Center for Veterinary Health Sciences

Healthy Animals - Healthy People


Warm Weather Pet Safety

Wednesday, June 22 2016

dog on a leash lying in the water on the edge of a pond

Summertime means hot weather. Warm temperatures can pose some health risks to pets.

Make sure your pets have unlimited access to fresh water. Replenish their water with cool water frequently.

If they are outside, they need access to shade.  The dog house may become hot so under a tree or porch might be better. 

Keep your pets free of parasites such as fleas, ticks and heartworm. Consult your veterinarian for the best parasite control for your pet.

Biosecurity for Horses

Friday, June 17 2016

woman riding a horse in a show arena with an audience in the background

Owning a horse is an investment. Participating in events where horses mingle increases their exposure to many diseases that can spread from horse to horse. 

Equine herpes virus, or EHV, is a family of viruses named by numbers such as EHV-1, EHV-2 and so forth. These viruses are common worldwide. Most horses have been exposed to them by two years of age without serious side effects.

Owl Release at Nature Camp

Wednesday, June 15 2016

students watching as a vet tech helps another student release an owl

Ian Kanda, RVT with OSU’s Veterinary Medical Hospital (left), and Shelby Fraser, camp counselor, prepare to release a great horned owl while Nature Camp attendees watch. 

Flea Control

Wednesday, June 15 2016

dog scratching

Fleas are a major nuisance for pets and pet owners alike. Many pets reside indoors and fleas have become a year-round problem with contamination of both the yard and the home. 

Fleas constantly irritate pets and can cause flea allergy dermatitis and spread intestinal tapeworms.

Fleas can also transmit several diseases.  Heavy infestation of homes and surrounding areas may result in humans being bitten by newly emerging fleas, inciting an allergic response.  The rash can be mild to extensive depending on numbers of fleas and individual sensitivity.

Making It Count

Tuesday, June 14 2016

a woman sitting next to her beagle dog

Dani Martin of Newalla, Okla., doesn’t know how much longer she’ll have Daisy, her 15 ½ year-old beagle, but she’s doing all that she can to ensure Daisy has a good quality of life.

4-H Members Visit OSU

Friday, June 10 2016

students standing near a horse during 4H day

Thirty 4-H members from counties across Oklahoma recently visited OSU’s Center for Veterinary Health Sciences. They started the day with an overview of veterinary medicine given by Anna Teague and Robin Wilson with Student Services.

Their first activity with Dr. Brian Herrin involved learning about parasites and properly identifying common ones veterinarians see on a regular basis.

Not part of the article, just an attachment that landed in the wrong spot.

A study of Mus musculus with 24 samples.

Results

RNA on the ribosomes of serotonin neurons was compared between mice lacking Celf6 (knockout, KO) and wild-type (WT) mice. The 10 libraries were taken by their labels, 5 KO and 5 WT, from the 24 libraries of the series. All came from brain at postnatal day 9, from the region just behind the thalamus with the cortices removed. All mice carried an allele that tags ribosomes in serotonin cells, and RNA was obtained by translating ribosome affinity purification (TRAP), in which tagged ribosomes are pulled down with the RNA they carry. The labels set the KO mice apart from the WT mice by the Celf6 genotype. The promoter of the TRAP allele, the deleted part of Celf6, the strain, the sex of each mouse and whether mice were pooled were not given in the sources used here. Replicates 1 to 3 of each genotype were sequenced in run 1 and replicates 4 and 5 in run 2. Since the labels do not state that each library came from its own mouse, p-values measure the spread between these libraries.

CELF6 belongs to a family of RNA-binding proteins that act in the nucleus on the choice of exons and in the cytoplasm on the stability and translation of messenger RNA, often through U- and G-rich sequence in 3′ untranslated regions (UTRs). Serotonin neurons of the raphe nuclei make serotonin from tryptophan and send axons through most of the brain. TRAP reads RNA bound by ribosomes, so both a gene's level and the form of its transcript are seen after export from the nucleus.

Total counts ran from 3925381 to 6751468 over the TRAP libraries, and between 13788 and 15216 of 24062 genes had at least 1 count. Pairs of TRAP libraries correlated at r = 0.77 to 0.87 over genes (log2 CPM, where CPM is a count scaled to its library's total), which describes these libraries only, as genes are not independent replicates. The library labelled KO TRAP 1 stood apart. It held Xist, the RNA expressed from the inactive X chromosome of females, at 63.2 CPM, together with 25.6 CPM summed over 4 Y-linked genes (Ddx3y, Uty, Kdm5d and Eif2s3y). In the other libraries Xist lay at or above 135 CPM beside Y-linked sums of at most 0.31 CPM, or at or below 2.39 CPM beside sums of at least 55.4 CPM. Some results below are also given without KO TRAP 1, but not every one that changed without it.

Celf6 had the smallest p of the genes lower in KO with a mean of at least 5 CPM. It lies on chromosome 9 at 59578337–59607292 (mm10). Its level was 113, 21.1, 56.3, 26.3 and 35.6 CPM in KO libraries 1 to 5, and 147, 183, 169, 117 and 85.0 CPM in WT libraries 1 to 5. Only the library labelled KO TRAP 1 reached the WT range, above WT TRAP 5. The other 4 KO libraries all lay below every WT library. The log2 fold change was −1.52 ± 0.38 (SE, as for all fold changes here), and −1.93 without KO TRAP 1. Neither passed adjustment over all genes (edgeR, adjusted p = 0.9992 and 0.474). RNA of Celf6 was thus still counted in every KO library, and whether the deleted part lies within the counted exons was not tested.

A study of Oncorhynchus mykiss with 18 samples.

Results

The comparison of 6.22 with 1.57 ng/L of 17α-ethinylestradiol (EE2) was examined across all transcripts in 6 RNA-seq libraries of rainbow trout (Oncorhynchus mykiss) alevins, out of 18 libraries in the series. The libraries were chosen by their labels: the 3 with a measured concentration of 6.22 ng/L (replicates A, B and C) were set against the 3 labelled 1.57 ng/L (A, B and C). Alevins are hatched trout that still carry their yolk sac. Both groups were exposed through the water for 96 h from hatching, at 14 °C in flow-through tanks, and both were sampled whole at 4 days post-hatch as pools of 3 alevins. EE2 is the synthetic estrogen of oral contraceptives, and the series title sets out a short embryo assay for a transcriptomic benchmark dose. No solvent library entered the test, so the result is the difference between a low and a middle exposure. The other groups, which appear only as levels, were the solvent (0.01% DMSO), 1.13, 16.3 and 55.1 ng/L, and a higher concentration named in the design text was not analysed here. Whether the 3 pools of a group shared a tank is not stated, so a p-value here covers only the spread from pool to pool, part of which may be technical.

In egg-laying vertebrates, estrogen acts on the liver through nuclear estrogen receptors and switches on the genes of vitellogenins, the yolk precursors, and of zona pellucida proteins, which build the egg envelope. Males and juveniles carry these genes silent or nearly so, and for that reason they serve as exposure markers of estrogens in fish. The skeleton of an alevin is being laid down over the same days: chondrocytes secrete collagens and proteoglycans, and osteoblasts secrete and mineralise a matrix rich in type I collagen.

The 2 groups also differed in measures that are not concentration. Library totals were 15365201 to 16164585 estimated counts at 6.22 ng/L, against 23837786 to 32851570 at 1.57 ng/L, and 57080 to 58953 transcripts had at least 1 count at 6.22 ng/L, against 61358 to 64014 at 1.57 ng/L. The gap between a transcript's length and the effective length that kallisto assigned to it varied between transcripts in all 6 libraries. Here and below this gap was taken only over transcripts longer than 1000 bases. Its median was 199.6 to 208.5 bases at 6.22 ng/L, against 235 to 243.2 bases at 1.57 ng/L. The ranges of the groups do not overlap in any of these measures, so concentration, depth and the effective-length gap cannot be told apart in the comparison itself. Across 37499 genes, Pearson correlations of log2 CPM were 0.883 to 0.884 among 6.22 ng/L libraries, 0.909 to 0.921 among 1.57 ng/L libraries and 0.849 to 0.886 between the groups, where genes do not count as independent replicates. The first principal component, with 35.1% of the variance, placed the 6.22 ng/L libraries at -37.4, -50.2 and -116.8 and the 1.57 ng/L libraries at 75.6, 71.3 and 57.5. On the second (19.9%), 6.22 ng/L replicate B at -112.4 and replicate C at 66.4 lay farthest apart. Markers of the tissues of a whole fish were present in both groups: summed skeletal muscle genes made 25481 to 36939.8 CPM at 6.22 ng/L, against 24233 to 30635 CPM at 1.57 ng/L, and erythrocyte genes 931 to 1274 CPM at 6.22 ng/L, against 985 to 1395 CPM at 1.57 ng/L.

Part of their day was spent in the equine section of OSU’s Veterinary Medical Hospital hosted by Drs. Dan Burba and Elisabeth Giedt.

Herrin Wins National Award

Thursday, June 2 2016

headshot of Brian Herrin

Brian Herrin, DVM, Ph.D. candidate, with Oklahoma State University’s Center for Veterinary Health Sciences received the 2016 AAVP-CAPC Graduate Student Award in Zoonotic Disease. The award recognizes research excellence in zoonotic disease and is sponsored by the American Association of Veterinary Parasitologists and the Companion Animal Parasite Council. Herrin’s research focuses on investigating the geographic expansion of Borrelia burgdorferi in North America.

Veterinary Care on Dairy Farms

Tuesday, May 31 2016

dairy calf lying down in the grass

If you enjoyed a glass of milk, a bowl of yogurt or a latté this morning, you can thank a veterinarian.

Veterinarians play a crucial role in ensuring dairy farms have healthy, productive herds. Veterinarians regularly visit the farm to help manage the health and well-being of the herd.

Veterinarians work with the dairy producer to develop a health management plan, which becomes part of the guide in caring for the herd. The goal of the plan is to ensure the health and well-being of the entire herd. 

Get Involved, Stay Involved

Tuesday, May 31 2016

roy smith standing in office, leaning on a desk with one hand and other hand in his pocket

Dr. Roy Smith of Round Rock, Texas, believes in being involved in every level of veterinary medicine. At age 14, he began working for a veterinarian in his hometown of Quincy, Mass. His mentor told him, “…this is a great profession and to keep it that way, you need to be involved in community work and in association work.” Smith took that advice to heart and has been volunteering and giving back to the community ever since he earned his DVM degree from Oklahoma State in 1962.

Give to the OSU Animal Relief Fund

Tuesday, May 24 2016

brown foal

With tornado season just underway in Oklahoma, animal lovers everywhere are encouraged to support the OSU Animal Relief Fund to enable Oklahoma State University’s Veterinary Medical Hospital to continue to provide needed care for animals like this mare and her foal.